Photograph entitled 'Poor old Jimmy asking for 3d', Elwick Racecourse, 1920 (AOT,
There have always been those who have been in want, or lacking the means of reasonable subsistence. Poverty, however, is always relative and in western civilisation is related to employment, opportunity and services. Not to have work in the nineteenth century was to place a person in the most indigent of circumstances.
If the Australian colonies were to develop, labour was necessary, and England saw emigration as alleviating surplus population and pauperism; but the colonies were concerned that immigration would bring habitual paupers. Free workers in Tasmania, including ex-convicts, had to compete with cheap convict labour for work, especially from 1830 to 1850, and many found themselves in dire poverty, dependent on meagre government stores, as churches and the general population were unable to help. The poor gathered into slums such as Wapping in Hobart, with similar unfortunate social and health outcomes as English slums.
Private philanthropy gradually developed from 1850, but the major expense of caring for the indigent fell on the government. In 1873 state welfare services began with the Office of the Administrator of Charitable Relief. There was concern that the 'consequences of idleness and dissipation' were not relieved, but both the government and voluntary sector were ambivalent towards those receiving assistance, with references to the dissolute and thriftless, but also recognition that distress was due primarily to economic difficulties rather than natural unworthiness. This ambivalence persisted throughout our history. Two depressions led to a modification of attitudes to the poor, as they touched the bourgeoisie, who came to understand the impact of poverty.
The 1891 Depression saw an extraordinary increase in families in distress, and real poverty was felt among the respectable classes. The First World War brought some economic advantages to the home front, but poverty was still a reality. An examination into the flu epidemic of 1919 found widespread unemployment, undernourishment and social misery. Many soldier settlers failed, and were forced into debt and undeserved poverty.
During the 1930s Depression both the government and the private sector were so besieged by requests for assistance that applicants' means were assiduously examined. Applicants could be refused if they had anything of value, for example pianos, wirelesses, even the horse and cart, their means of support. Unemployment figures rose from 11 percent in 1928 to 27 percent in 1931. Lloyd Robson said the most profound effect of the Depression on male workers was 'the loss of their role and dignity as dependable bread winners'. However, the effects of the Depression fell just as heavily upon women. As homemakers and mothers, they had to make ends meet, and suffered treasured household items sold and meagre savings dissipated. Single unemployed women had to fall back on charitable organisations for help.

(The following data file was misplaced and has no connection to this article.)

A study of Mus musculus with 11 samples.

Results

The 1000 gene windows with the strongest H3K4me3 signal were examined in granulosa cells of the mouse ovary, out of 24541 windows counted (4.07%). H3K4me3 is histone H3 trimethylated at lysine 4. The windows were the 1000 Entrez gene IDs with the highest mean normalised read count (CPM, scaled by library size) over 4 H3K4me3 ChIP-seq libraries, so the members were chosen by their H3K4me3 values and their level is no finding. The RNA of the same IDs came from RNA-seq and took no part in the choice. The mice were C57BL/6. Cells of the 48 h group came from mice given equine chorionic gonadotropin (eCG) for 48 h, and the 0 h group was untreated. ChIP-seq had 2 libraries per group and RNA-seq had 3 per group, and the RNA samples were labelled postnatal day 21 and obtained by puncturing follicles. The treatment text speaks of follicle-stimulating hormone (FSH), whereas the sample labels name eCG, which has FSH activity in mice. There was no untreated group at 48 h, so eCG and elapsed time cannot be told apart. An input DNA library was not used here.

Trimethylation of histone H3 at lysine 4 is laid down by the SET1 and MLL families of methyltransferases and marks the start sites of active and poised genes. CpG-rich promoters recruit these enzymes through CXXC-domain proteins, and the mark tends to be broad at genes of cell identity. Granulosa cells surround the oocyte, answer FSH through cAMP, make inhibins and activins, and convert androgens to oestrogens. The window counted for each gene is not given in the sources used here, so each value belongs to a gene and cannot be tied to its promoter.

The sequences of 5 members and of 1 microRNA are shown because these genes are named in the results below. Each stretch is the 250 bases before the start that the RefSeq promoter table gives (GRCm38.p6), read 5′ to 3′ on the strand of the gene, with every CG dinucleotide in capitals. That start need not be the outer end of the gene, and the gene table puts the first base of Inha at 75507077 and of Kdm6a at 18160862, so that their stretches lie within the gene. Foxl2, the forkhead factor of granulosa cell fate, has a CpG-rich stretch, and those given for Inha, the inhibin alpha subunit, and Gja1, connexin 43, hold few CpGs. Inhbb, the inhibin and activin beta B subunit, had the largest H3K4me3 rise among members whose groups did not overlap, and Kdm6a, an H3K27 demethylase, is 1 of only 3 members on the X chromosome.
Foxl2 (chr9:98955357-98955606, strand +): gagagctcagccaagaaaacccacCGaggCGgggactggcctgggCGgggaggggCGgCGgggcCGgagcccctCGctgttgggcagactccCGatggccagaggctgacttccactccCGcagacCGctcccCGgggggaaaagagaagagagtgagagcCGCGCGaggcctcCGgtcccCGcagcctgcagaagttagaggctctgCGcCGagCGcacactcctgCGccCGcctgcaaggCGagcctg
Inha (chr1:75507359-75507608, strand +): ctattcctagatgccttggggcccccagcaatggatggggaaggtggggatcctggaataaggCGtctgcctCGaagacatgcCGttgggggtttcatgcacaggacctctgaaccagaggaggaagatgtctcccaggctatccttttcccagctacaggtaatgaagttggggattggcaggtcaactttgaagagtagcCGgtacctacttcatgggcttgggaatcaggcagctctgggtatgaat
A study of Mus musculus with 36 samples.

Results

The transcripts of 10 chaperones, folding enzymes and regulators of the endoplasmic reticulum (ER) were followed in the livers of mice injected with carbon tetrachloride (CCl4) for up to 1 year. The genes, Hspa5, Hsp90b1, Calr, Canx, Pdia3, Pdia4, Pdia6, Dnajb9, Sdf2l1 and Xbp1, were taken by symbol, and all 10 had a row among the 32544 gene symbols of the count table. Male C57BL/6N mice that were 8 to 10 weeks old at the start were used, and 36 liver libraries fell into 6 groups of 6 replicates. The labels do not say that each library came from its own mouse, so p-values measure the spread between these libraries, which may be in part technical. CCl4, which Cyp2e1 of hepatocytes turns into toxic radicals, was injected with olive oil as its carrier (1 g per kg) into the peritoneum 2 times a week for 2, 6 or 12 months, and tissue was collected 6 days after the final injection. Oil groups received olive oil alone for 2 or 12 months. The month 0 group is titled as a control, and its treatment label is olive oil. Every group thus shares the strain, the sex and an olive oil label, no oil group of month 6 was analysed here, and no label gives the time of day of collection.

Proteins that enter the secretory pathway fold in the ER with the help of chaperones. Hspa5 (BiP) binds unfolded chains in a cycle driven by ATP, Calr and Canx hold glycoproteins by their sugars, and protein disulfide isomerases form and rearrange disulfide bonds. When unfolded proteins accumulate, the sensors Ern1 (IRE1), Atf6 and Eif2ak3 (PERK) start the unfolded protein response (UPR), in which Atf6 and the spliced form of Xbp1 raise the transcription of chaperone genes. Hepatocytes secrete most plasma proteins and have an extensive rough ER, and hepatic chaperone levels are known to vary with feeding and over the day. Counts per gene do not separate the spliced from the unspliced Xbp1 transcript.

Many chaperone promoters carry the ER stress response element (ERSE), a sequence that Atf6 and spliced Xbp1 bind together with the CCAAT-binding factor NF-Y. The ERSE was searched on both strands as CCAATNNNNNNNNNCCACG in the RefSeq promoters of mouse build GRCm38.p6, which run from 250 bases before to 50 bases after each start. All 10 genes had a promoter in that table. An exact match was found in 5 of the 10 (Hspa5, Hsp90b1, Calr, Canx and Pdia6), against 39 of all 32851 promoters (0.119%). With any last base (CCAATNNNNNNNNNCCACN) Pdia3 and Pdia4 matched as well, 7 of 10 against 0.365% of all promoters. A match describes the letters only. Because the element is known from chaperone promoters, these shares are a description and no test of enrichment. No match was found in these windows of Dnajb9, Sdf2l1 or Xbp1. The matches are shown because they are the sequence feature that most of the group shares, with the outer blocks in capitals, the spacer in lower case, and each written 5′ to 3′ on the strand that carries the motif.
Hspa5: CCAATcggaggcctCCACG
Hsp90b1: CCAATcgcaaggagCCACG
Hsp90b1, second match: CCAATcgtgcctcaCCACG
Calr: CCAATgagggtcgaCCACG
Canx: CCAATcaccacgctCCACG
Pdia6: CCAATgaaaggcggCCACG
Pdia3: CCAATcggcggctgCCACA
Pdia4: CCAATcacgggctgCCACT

The two decades following the Second World War have been described as an era of ease and prosperity. The development of public housing and job opportunities assisted many low-income people to maintain a reasonable standard of living. The slums were no more. However, broad-acre housing estates brought new problems, particularly in the face of increasing family dysfunction.
Poverty and its appalling consequences were rediscovered in the Melbourne suburbs in 1966 by Henderson et al. Henderson set a conservative poverty line but estimated that 10 percent of Australians were very poor, while another 8 percent earned less than 20 percent over the poverty line. In Tasmania these figures were 15 percent and 12.5 percent respectively. Henderson concluded that poverty was related to social structure, education, health care, housing conditions and prospects.
In 1979/80 Errey and Arnold examined the impact of unemployment and low income in the broad-acre estates of Clarendon Vale/Rokeby. Obviously unemployment benefits, originally provided as a stopgap measure, were now long-term income, inadequate to meet bills, pay debts and take up opportunities; 'poverty is a pervasive force which penetrates every aspect of the daily lives of a great number of Tasmanians'. Five years on Arnold remained concerned about the lack of access to services, hopelessness and low self-esteem in people in broad-acre estates.
Further reading: R Hartwell, The economic development of Van Diemen's Land 1820–1850, Melbourne, 1954; R Henderson et al, People in poverty, Melbourne 1975; R Errey & F Arnold, About poverty, Hobart, 1980.